Kathryn Bigelow is a director who did not so much break the glass ceiling as shoot her way through it. Her filmography rivals the manliest of action directors in Hollywood and in some cases surpasses them in terms of quality and style. Point Break (1991) her most commercially successful film to date, features amazing stunts, shootouts, and plenty of shots of young people at the beach. Having Gary Busey as a scenery (and meatball sandwich) chewing FBI agent certainly did not hurt either.
Since Point Break came out in at the beginning of the 1990s I did not go see it because at the time I was the target audience for Aladdin. However Bigelow’s film was not only a commercial hit, but it also gained a cult audience over the years and was eventually considered one of the best action movies of that decade. Edgar Wright, Simon Pegg, and Nick Frost certainly thought so, which is why their action-movie homage Hot Fuzz has two characters watch Point Break and also recreate one of its most famous scenes later on. To find out why these guys were so crazy about that movie I finally rented a copy while at the University of Sherbrooke around 2008. The DVD had a lot of interesting information about the stunts and characters, but I ended up thinking those are actually the best parts of the movie, while the story as a whole has a major flaw.
Subtlety is not the word of the day in the world of Point Break, where Keanu Reeves’ rookie FBI agent has the ultimate cool name, Johnny Utah. John C. Reilly as agent Harp has the typical role of hard-ass superior who is all about getting to work on time and following the rules. Busey on the other hand is much more, well, Busey, as Utah’s veteran partner Angelo Papas. Their assignment is to track down a gang of bank robbers known as the Ex-Presidents who get in and out of banks quickly and efficiently while wearing masks of Nixon, Carter, Reagan, and Johnson. These robbers are clearly having a good time as the Nixon one loves to say, “I am not a crook” while wearing the mask.
Papas correctly deduces the robbers are also surfers so Utah goes undercover at the California beach, much to Harp’s dismay who is less than thrilled at the idea of one of his agents being paid to learn how to surf. Despite not knowing anything about surfing, Utah eventually develops a love for the thrill he gets from being out in the ocean thanks to the teachings of surfer girl Tyler Endicott (Lori Petty). By the time he has infiltrated the gang and their charismatic leader Bodhi (Patrick Swayze), Utah not only sympathizes with their lifestyle, but also cannot bring himself to shoot Bhodi when the moment comes.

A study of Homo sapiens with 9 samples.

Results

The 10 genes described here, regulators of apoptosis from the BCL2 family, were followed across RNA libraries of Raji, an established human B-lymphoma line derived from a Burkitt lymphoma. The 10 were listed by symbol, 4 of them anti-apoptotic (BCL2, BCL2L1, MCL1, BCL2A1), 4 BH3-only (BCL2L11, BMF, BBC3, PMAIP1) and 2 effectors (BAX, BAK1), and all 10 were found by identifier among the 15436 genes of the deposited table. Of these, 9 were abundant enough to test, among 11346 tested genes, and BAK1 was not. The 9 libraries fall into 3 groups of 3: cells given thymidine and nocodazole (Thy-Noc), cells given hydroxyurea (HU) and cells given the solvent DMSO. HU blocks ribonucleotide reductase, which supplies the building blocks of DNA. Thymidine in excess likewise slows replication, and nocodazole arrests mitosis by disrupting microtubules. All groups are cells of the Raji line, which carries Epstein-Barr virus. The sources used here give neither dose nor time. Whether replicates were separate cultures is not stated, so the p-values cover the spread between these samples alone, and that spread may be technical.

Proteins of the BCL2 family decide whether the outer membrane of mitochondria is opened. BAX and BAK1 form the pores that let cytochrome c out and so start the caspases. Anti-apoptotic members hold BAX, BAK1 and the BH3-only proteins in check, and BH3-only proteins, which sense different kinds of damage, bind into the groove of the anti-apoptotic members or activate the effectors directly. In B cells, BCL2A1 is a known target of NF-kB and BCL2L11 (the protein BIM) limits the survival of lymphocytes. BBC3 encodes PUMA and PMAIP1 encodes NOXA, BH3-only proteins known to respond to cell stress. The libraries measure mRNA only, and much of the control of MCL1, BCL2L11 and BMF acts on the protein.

This is where the movie loses me and it’s also where the first Fast and Furious movie lost me. Sure, the Bhodi character comes off as a great friend and his willingness to live on the edge is impressive to say the least. This is a guy who surfs giant waves in the morning and goes skydiving in the afternoon. However when he says the bank robberies are all about rebelling against the system, I am sorry, but I am going to side with Harp on this one and yell at Utah to do his job. Bhodi is not some great philosopher who is sticking it to the man; he is a surfer who is too lazy to get a boring like everyone else so he robs banks to fund his adrenalin addiction endangering the people in the bank. Utah shouldn’t hesitate to shoot him.
Story aside, Point Break manages to keep the viewer’s adrenalin pumping from beginning to end. In addition to the breath taking surfing and skydiving sequences, Bigelow expertly directs one of the best foot chase sequences ever recorded, which indeed deserved to be parodied in Hot Fuzz.